Although Elizabeth Kubler-Ross may have had loftier ideas in her head about these stages, she has admitted that they can apply to any personal catastrophe. I think this qualifies.
I’m getting enough sleep. Of course I’m getting enough sleep. The clock is wrong. Who needs 7 hours of consecutive sleep?– not me!
Denial is usually only a temporary defense for the individual.
Why does everyone else’s baby sleep but mine? Why me? Whyyyyyyyyyyyyyyy!!!!! I hate all the moms whose babies sleep!
Once in the second stage, the individual recognizes that denial cannot continue. Because of anger, the person is very difficult to care for due to misplaced feelings of rage and envy.
I will nurse you from 6pm to 10pm without stopping if you’ll just let me sleep. Just let me sleep four straight hours. Just let the older kids sleep til 7am.
The third stage involves the hope that the individual can somehow postpone or delay the inevitable. Usually, the negotiation for an extended sleep time is made with a baby in exchange for a reformed lifestyle.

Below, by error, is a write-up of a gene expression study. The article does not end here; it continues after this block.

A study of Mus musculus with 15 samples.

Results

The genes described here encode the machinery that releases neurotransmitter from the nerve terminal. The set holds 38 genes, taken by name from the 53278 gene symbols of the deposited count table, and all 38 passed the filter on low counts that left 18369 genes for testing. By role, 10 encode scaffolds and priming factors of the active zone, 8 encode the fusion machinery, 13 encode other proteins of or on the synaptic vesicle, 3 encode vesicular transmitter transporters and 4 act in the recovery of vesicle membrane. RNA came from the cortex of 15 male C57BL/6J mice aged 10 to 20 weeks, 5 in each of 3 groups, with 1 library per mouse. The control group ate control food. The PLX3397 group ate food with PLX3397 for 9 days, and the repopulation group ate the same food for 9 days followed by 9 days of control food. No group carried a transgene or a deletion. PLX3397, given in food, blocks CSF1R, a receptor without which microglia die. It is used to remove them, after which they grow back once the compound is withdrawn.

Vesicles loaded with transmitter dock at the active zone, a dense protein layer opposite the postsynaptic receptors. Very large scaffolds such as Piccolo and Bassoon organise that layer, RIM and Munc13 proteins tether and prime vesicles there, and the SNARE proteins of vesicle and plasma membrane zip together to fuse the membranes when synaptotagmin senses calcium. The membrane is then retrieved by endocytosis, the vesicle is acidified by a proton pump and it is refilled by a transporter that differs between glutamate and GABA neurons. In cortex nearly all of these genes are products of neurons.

Why even bother going to sleep? I’m just going to be awake in 2 hours. I’m not even going to bother watching The Bachelor while I’m nursing.
During the fourth stage, the sleep-deprived person begins to understand the certainty of sleep-deprivation. It is not recommended to attempt to cheer up an individual who is in this stage. It is an important time for grieving that must be processed.
It’s going to be okay. At least I’m not operating heavy machinery other than a car with five children in it while this tired. I’ll get used to functioning on so little sleep.
In this last stage, the individual begins to come to terms with her sleep deprivation.